There are few things in sport that capture the imagination like a comeback.
Just over 18 months ago, Alfredo Whittaker lost the CIFA presidential election by a single vote. On Saturday he won by the same slender margin, guaranteeing him a four-year opportunity to revive the ailing fortunes of a sport that had been mired in controversy and financial difficulties.
Mr. Whittaker’s first aim is to switch the focus back from the off-field transgressions of a handful of officials, to the area that matters most – progress on the pitch.
He said getting national youth leagues up and running by January would be the top item on his agenda as well as ensuring the Under-20 national team is prepared for World Cup qualifiers next year.
The veteran referee said he would also look to speed up progress on a forensic audit of the association’s finances dating back to 2009, as CIFA looks to get to grips with a credibility crisis in the wake of the arrests of its former president, treasurer and vice president in three separate corruption investigations.
Long-time president Jeff Webb was banned for life from CIFA after pleading guilty to his role in a worldwide bribery and racketeering scandal. Canover Watson, the association’s treasurer, was jailed for his involvement in a separate corruption probe involving the Health Services Authority. Bruce Blake, the first vice president of CIFA, was arrested in connection with an ongoing Cayman Islands Anti-Corruption Commission inquiry connected to CIFA’s finances in June. Mr. Blake has not been charged with any crime and maintains his innocence.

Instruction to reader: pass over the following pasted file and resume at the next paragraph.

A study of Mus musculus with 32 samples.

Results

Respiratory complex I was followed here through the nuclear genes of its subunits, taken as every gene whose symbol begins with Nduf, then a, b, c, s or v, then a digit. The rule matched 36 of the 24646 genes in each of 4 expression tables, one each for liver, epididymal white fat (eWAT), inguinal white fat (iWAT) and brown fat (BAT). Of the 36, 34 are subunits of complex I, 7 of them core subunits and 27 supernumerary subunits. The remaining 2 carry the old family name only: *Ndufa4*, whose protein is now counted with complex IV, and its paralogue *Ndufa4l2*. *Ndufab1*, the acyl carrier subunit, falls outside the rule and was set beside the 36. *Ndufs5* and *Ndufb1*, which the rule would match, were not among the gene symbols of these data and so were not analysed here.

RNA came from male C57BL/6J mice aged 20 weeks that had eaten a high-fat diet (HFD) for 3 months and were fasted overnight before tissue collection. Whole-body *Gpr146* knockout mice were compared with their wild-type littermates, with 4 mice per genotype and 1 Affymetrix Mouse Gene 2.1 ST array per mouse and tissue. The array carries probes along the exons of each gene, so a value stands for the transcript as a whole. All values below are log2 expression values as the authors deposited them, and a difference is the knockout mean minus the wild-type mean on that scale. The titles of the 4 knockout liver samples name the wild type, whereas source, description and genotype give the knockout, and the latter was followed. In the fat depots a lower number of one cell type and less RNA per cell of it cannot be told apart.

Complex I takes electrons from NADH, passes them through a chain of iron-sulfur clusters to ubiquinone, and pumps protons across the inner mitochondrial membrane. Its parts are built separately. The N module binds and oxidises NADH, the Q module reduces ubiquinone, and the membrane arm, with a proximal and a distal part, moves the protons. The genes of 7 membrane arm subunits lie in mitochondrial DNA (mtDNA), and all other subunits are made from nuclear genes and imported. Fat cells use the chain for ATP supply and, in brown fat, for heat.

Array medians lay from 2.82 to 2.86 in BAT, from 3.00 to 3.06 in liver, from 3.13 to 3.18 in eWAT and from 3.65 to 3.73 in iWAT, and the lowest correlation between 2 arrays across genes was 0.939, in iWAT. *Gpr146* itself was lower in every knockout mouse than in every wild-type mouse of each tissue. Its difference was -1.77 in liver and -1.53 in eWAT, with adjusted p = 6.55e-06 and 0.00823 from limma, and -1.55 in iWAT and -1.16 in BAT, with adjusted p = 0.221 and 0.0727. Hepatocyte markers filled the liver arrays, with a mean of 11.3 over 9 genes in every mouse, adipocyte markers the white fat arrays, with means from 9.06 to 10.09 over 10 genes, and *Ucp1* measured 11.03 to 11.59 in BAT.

Public and private sector funding has dried up in the aftermath of those scandals, but CIFA is beginning to see light at the end of the tunnel.
CONCACAF and FIFA have restored funding and Mr. Whittaker believes the organization is starting to get its house in order.
“Armando [new treasurer since 2015, Armando Ebanks] has done a good job. We now need to accelerate the forensic audit. Once we get that done, we will sit down with our legal team and see what’s next.”
He acknowledged the election had been extremely close.
In the first round of voting, Mr. Whittaker took six votes with the other two candidates taking five. With CIFA rules requiring the victor to take more than 50 percent of the vote, the association held three rounds of voting, with no clear victor emerging.
At that stage, Renard Moxam withdrew from the ballot and put his support behind Mr. Whittaker, who eventually prevailed by 8 votes to 7 in a two-way runoff.
“I am very happy and looking forward to the challenge,” he said.
“There will be some changes, some fresh ideas and hopefully much more unity between the members and the association.”
He said he would be meeting with Lee Ramoon, who was elected to finish Webb’s term last year after his guilty plea, and Mr. Moxam in the coming weeks, as well as with the chairman of the CIFA youth committee, Neil Murray, as he seeks to formulate a plan of action for the sport.